How much time do Triano/Colangelo have?

The Jay Triano and Bryan Colangelo combination are on the verge of a dubious honor in Raptors history. At this point, it’s natural to wonder just how long these two can partner in their quest to return the Raptors to respectability.

Shift Key Update: I’m learning to live with it, but at some point I have to call somebody to see if they can fix this bloody thing. Enough complaining, on to today’s post.

Sam Mitchell survived four seasons, Lenny Wilkens got through three without ever calling a play, Butch Carter could only manage two before an urge to fill an ill-timed lawsuit did him in, and Kevin O’Neill was fired after exhausting the supply of Canada Dry in only one season. The GMs fare a little better, Glen Grunwald lasted six years and Colangelo is entering his fifth; other notables include Isaiah Thomas’ three-year stint to start things off, and Rob Babcock’s forgettable tenure which saw Raptors basketball hit an entirely different kind of low.

Of all these coach/GM combinations, the longest serving one was Wilkens/Grunwald, which lasted three full years. Triano coached the team for 65 games after Mitchell was let go which is fairly close to a full season’s worth of basketball. Counting that as a season, the Triano/Colangelo combination is entering it’s third year, and if one of these two doesn’t leave the organization, they will match Wilkens/Grunwald as the longest serving GM/coach combination in Raptors history.

During the Wilkens/Grunwald years, the Raptors reached a modest apex in franchise history, it’s nothing to brag about but a first-round win and taking the NBA finalists to seven games is the best of what the Raptors have accomplished. Lenny Wilkens rode the success of that year for two more seasons before Grunwald decided to alter the course of the team by bringing in a hard-nosed defensive-minded coach. Although Grunwald’s intentions were noble, and O’Neill did produce the league’s 7th ranked defense, his hard persona and no-nonsense attitude did not mix well with the players (Vince Carter), and the franchise once again bended to its employees and let O’Neill go. All in all, Grunwald presided over three coaches before the ownership called it quits on him: Butch Carter, Lenny Wilkens, and Kevin O’Neill. Two were excellent hires at the time, and O’Neill was a debatable choice.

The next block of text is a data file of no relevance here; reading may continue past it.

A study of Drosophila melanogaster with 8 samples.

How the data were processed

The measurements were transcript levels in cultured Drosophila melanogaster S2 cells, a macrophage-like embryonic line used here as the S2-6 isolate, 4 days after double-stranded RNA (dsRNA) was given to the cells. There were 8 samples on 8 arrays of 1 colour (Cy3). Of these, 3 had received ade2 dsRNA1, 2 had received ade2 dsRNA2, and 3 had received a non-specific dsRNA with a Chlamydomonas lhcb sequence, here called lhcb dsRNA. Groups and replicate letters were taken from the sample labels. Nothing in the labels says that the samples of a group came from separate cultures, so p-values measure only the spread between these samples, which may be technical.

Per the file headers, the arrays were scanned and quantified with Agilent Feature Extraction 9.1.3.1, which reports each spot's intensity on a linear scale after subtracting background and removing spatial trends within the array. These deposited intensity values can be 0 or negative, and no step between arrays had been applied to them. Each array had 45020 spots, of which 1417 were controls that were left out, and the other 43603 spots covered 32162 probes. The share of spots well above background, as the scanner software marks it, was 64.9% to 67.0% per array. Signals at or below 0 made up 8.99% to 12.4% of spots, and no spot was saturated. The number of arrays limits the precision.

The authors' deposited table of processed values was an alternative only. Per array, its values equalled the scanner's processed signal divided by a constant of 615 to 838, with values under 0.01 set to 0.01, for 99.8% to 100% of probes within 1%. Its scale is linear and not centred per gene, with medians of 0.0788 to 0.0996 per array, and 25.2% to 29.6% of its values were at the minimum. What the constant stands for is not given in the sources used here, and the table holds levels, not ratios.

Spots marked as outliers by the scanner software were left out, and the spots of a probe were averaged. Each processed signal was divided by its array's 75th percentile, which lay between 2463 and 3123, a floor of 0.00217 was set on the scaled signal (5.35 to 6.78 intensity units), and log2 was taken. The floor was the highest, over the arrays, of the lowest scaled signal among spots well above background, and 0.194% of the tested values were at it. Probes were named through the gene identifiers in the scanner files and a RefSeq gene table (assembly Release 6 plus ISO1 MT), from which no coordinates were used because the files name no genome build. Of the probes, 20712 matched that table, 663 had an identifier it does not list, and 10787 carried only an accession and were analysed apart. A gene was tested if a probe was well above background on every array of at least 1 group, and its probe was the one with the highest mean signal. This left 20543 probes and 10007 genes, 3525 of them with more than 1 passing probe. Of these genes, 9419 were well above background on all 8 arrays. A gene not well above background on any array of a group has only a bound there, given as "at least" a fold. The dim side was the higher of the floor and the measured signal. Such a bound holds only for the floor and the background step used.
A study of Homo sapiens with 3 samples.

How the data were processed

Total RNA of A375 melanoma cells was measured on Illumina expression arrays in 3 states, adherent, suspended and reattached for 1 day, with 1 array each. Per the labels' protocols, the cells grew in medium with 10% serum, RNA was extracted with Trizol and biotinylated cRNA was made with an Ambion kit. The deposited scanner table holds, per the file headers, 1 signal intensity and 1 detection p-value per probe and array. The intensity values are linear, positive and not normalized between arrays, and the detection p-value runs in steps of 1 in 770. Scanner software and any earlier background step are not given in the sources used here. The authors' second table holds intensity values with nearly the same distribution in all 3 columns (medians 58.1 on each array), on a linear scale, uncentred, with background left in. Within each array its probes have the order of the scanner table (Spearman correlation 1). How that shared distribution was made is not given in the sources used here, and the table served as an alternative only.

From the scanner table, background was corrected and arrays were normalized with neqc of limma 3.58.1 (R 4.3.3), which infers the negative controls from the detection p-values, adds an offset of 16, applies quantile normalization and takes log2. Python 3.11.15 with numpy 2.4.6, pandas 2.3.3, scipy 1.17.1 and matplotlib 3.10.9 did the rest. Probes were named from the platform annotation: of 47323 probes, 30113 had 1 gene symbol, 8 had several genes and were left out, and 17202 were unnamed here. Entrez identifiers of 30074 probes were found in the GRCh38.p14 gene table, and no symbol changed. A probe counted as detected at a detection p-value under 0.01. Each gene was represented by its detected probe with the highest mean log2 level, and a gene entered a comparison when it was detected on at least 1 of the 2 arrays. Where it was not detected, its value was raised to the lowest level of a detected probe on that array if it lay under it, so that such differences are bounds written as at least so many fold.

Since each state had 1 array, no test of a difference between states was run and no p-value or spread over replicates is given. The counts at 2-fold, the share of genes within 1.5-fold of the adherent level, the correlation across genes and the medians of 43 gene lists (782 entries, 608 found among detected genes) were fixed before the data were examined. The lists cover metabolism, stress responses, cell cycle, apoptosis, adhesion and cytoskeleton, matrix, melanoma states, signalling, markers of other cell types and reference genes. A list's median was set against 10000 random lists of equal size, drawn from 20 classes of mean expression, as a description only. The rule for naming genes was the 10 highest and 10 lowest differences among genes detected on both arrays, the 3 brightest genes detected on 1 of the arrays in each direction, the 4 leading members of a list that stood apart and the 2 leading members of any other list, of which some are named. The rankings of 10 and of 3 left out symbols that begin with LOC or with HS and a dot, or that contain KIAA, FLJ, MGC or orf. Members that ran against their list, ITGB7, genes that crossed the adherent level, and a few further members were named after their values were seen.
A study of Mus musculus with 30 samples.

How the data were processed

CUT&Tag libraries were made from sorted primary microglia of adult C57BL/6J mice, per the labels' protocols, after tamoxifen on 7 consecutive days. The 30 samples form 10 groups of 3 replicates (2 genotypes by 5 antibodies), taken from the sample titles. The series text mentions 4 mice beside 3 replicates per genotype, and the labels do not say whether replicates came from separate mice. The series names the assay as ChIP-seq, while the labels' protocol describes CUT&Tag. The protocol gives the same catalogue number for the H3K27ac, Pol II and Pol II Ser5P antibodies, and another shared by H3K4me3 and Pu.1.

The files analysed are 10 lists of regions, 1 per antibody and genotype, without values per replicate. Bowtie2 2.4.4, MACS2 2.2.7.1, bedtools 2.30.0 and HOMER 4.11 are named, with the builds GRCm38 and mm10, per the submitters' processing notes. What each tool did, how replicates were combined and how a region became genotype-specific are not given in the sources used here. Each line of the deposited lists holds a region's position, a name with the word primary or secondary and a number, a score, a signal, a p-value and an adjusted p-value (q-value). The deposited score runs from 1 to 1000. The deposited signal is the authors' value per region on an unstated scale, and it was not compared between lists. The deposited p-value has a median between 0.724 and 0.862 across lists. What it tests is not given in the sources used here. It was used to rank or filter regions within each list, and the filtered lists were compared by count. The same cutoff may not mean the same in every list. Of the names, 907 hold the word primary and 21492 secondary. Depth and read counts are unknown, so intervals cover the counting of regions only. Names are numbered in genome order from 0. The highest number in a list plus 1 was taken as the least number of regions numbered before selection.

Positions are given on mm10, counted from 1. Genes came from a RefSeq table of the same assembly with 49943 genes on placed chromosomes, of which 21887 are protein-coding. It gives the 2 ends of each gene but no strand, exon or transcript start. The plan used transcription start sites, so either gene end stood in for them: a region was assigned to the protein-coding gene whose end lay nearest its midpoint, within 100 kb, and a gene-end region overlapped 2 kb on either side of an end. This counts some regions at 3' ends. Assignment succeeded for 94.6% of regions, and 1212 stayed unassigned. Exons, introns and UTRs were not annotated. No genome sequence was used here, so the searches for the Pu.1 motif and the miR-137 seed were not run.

The often overlooked aspect of Bryan Colangelo’s tenure as GM is that, as much as he shakes up the roster year in and year out, he has yet to hire his own coach. He’s gone with Sam Mitchell, hired by Rob Babcock, and Jay Triano, hired initially by Glen Grunwald in 2002. In both cases his hands were somewhat tied. When Sam Mitchell’s contract came up for renewal, he had the Coach of the Year trophy in his pocket and Colangelo was almost coerced by it to hand him an extension. I fully believe if Mitchell doesn’t win that award, the Raptors make a coaching change that summer. Once Mitchell’s time ran out, the Raptors already had too much money tied up in coaches and Triano was selected as a cheap and convenient alternative.

Under the Triano/Colangelo combination, the Raptors have disappointed in back-to-back seasons, and you have to wonder how much more time these two are given to sort things out. Since the maximum any combination has stayed together is three years, you would think the upcoming season is the make-or-break year for them. If things go as expected, the Raptors will miss the playoffs under the banner of rebuilding leaving them shy of the post-season for three consecutive years, all under Colangelo and Triano. That has never happened to any Raptors coach/GM combination.

Is this the make-or-break year for these two, or do we stay patient and let them oversee the full rebuilding of the Raptors?